Nathan was asking this evening what we collectively know about
computing an optimal orbital-insertion trajectory, and sharing giant
1960s papers on the subject that were written using typewriters.
(Nathan, if those papers are available publicly, could you post links

So I started trying to list the pieces that I think I understand. I'd
appreciate comments. I think I'm just re-deriving the "basics" but
they're not obvious to me, so maybe this is useful to others too?

The goal, as I understand it, is to minimize total fuel consumed, with
a constraint on the maximum thrust at any instant. We have some
initial and final boundary conditions, and a variety of pre-specified
constants: payload mass, motor Isp, drag coefficients, etc.

For correct results we also need to account for the non-fuel mass of
each stage's motor casings, but I'd be pretty happy if we had a model
that gave optimal answers assuming zero-mass motor casings. You can
get a conservative estimate from such a model by folding the total
motor casing mass into the payload mass; then you've modeled a
single-stage rocket.

The initial conditions are a known velocity and position. (This works
for plane or balloon launches too, I guess?) The final conditions are
a pre-specified orbital altitude, and speed in a direction
perpendicular to gravity, and a fixed remaining fuel mass. (I believe
the final position over ground must not be fixed.)

I think the forces that matter are drag, thrust, and gravity. If angle
of attack should be zero or near enough for the bulk of the orbital
insertion, then I think we can ignore the effects of a non-zero angle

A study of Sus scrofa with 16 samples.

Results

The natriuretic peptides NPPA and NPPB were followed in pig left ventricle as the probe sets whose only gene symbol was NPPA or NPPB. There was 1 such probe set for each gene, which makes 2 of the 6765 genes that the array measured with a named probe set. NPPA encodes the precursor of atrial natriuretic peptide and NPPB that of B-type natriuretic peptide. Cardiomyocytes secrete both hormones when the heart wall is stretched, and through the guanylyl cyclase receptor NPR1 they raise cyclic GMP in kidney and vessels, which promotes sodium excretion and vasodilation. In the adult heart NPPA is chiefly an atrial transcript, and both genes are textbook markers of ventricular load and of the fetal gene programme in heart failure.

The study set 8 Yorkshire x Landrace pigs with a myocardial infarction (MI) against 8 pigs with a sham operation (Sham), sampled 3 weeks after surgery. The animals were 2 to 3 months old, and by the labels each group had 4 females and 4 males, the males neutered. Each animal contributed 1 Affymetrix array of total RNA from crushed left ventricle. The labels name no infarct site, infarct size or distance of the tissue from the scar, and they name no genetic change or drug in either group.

of attack. I also assume that forces due to maneuvering are small
compared to everything else, and can also be ignored. Perhaps these
are over-simplifications?

I assume the total fuel consumed is proportional to the integral of
the thrust force. Wikipedia seems to be telling me that I've just
given a definition for "thrust specific fuel consumption", which is
inverse to specific impulse (Isp), so I think that's right.

Gravity gives us an acceleration in only the vertical direction and
dependent only on altitude, not mass. Thrust and drag are opposite
forces that both must be divided by the mass, which is related to the
integral of thrust; and further, drag depends both on altitude (by way
of air pressure) and on velocity. I never took differential equations,
but... these are, and they're non-linear.

Our control variables are thrust and orientation. I think it's easy to
write down the partial derivatives we're interested in given those
control variables as a function of time, but my notation is weak. So
of course it's left as a trivial exercise for the reader.

Sombody this evening mentioned calculus of variations, which I didn't
know anything about, but sure enough both it and optimal control
theory are totally relevant here. I'll conclude with some links:

The optimal control article mentions OTIS, by the way.